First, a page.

Stephen Colbert kicked off his run as host of the "Late Show" on Tuesday, veering from his "Colbert Report" character to host the late night talk show as his real-life persona.
"With this show, I begin the search for the real Stephen Colbert," the host joked in his opening monologue. "I just hope I don't find him on Ashley Madison."
Here's a look at some of the funniest moments that built the excitement for Colbert's reign as the newest late night host.
Colbert kicked off the show with a bit that wouldn't have felt out of place on his Comedy Central show, singing the "Star-Spangled Banner" at various American landmarks -- capped by an enthusiastic "Play Ball!" cameo from umpire Jon Stewart.
2. Welcome to Network
"If I knew you were going to do that, I'd have come out months ago," Colbert joked as his first "Late Show" audience greeted him with a standing ovation, noting his lengthy hiatus between wrapping "The Colbert Report" in December 2014 and starting his "Late Show" gig. "As long as I have nine months to make one hour of TV, I could do this forever."
One of the first famous faces Colbert welcomed to the show was CBS head honcho Les Moonves, seated in the front row of the audience. The host thanked the network for welcoming him like a "third Broke Girl" and watched warily as Moonves manned a lever that could switch him back to re-runs ofThe Mentalist at any moment.
3. Behind the Desk
After the opening monologue (and reading his own intro over the impressive new opening credits), Colbert took a seat at his desk for more jokes, showing off the newly renovated Ed Sullivan Theater, which was decorated with relics from Colbert's old Comedy Central show including the host's beloved Captain America shield and an "ancient cursed amulet" that forced him to plug Sabra hummus.
The host also pointed out the domed ceiling of the theater, which used to host David Letterman's "Late Show," where a digital stained-glass projection included multiple renderings of the Colbert's face.
"I wanted to have Michelangelo paint it, but it turns out Ninja Turtles aren't real," Colbert joked.
4. Cookies and Commentary
Colbert kept things political for his opening jokes at the desk, mocking a recent statement by presidential candidate Donald Trump that he "would never eat Oreos again" after parent company Nabisco announced that they were moving production to Mexico.
The host swore himself to "just one" Trump story, but, like with the delicious sandwich cookie, kept going back for "just one more."
5. Sit 'Em Down
One of Colbert's trademark moves on "The Colbert Report" was to spin the talk show introduction on its head and have his guests already seated, letting the camera follow the host as he ran across the set to greet them.
On the "Late Show," however, Colbert plays it straight (at least so far) letting his first guests, George Clooney and Jeb Bush walk out from behind the typical talk show curtain and greeting them before everyone took a seat.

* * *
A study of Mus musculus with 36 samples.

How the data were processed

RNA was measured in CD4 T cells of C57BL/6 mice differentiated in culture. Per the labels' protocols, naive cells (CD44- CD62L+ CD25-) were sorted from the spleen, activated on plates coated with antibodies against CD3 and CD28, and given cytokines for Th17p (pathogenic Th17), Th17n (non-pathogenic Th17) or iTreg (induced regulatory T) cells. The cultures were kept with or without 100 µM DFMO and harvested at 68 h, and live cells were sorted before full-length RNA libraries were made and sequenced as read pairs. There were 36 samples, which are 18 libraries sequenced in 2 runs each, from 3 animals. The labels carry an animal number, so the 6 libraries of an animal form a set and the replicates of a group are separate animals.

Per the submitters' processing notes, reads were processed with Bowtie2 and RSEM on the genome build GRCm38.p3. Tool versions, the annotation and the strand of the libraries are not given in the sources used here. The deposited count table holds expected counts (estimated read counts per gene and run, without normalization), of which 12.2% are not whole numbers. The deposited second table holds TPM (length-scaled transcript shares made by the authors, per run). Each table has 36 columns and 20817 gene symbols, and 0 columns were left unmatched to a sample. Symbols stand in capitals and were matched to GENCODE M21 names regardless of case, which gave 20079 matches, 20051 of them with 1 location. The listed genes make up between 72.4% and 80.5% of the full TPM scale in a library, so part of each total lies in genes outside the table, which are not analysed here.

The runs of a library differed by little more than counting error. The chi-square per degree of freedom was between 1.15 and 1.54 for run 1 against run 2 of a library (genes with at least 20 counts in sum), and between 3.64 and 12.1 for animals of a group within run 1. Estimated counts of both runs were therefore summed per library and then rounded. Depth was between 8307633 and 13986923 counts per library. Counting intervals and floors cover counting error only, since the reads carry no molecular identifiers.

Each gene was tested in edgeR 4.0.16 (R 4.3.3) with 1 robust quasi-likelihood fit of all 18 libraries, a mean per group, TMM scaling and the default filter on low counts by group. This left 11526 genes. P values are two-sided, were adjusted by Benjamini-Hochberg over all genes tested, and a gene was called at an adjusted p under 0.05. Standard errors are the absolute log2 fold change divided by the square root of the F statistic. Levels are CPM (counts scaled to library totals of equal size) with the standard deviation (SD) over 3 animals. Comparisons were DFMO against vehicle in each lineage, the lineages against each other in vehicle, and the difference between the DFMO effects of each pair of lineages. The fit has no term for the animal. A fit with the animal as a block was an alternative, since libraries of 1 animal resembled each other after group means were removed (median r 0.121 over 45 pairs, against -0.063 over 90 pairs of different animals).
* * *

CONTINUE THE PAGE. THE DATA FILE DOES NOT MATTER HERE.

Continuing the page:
6. Decision Strike
"Thank you for being here, and thank you for coming dressed as your evil twin," Colbert teased his first guest, the goateed (and tie-less) Clooney.
Colbert asked the actor and director about being "arm candy" to his civil rights lawyer wife Amal, and presented Clooney with a perfectly impersonal wedding gift, a Tiffany paperweight engraved with the message "I don't know you."
The host also thanked Clooney for coming on the first Late Show, despite not having a project to plug, but then their conversation stalled.
"We could just pretend you have a movie right now," Colbert suggested, prompting cutaways to scenes from "Decision Strike," a fictitious film in which UN Secretary General Clooney diffuses nuclear bombs and "does his own sex" stunts....all while on an airplane? We're totally in.
7. Straight Talk
On his Comedy Central show, Colbert would have grilled a conservative guest like Jeb Bush from the fanboy perspective of his right-wing character. However, for the "Late Show," Colbert came at the presidential candidate straight, asking him about his plans for the country and how he differs politically from his brother George W. Bush. That's not to say there weren't some jokes peppered in.
"I used to play a narcissistic conservative pundit," Colbert told Bush when the presidential candidate commented on the number of portraits of the host that decorate the new stage. "Now I'm just a narcissist."
The host also teased Bush about comments his mother Barbara made about how there had been "enough Bushes" in the White House.
"She was just joking," the former Florida governor answered quickly, provoking a genuine laugh from Colbert.
8. Hit the Showers
Early in the show, Colbert shared a joke with Jimmy Fallon about the "late-night locker room," which paid off at the show's end in a pre-taped bit where Fallon and Colbert were shown at a bank of lockers with the names of all the current late night hosts, including Jimmy Kimmel, Conan O'Brien, Seth Meyers and Larry Wilmore, who took over Colbert's Comedy Central slot.
Fangirls everywhere will note that Colbert had a picture of young Jon Stewart taped up in his locker.